There are a lot of great reasons to buy a home of your own. Not only does owning your own home mean that you have total privacy (no landlord making inspections) and total control (if you’ve ever had to move because your landlord sold the house you’re renting, you know what I mean), but owning your own home also means that you’re investing in your financial future.
Think about it this way: right now, you’re probably renting. Every month, you work hard to earn the money for your rent. Every month, you give that money to your landlord, who uses it to make the mortgage payment on the house you’re living in. After 30 years, you’ve bought your landlord a free-and-clear property!
On the other hand, if you BOUGHT the same home and made payments on it for 30 years, YOU would be the one who owned the free and clear property.
And how much would your home be worth in 30 years? Well, on the average, home prices in the United States double about every 10 years. So, instead of a worthless pile of rent receipts, you’d have a paid-off home worth as much as FOUR TIMES what you paid for it!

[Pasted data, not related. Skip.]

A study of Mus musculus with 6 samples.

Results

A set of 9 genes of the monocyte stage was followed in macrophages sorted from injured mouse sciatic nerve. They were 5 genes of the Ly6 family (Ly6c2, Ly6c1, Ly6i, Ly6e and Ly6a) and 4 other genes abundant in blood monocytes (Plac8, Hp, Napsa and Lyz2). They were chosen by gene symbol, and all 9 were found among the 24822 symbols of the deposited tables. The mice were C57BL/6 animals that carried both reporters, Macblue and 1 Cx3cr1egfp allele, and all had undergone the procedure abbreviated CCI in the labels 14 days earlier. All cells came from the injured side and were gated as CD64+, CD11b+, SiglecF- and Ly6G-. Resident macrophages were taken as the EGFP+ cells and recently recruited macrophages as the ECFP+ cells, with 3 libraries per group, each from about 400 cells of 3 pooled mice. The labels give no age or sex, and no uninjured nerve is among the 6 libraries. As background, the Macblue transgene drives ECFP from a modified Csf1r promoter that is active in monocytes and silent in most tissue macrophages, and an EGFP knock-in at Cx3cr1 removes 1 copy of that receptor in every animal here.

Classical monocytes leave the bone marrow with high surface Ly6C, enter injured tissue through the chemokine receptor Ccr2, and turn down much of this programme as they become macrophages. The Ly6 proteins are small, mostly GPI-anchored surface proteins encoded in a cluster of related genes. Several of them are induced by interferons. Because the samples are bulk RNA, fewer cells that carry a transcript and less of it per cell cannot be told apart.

Think of what you could do with all that value–you could sell the home to pay for your retirement or your children’s college education; you could keep living in the house through your old age, then leave it to your kids or grandkids as an inheritance; or you could sell it or refinance it to pay for a dream trip around the world or a retirement home somewhere nice and warm!
So, why don’t you put down this report and go out and buy a home right now? It’s probably because you can’t–at least not by the “traditional” method of going to the bank and qualifying for a mortgage. About 4 out of 10 Americans don’t have the credit or down payment to get a regular mortgage. And that’s where a lease option also called rent to own homes comes in.
When you Lease a home with the Option to Buy, you get the advantage of living in your home now and setting the price now but have several months or years to straighten out your credit or save a down payment to go to the bank.
Also, when you make improvements to the property (like adding a deck, upgrading the bathroom, or landscaping the outside), the VALUE of the property goes up, but THE AMOUNT YOU OWE DOESN’T GO UP. This is called “sweat equity,” and it’s a way to develop a “down payment” on a home through your own labor.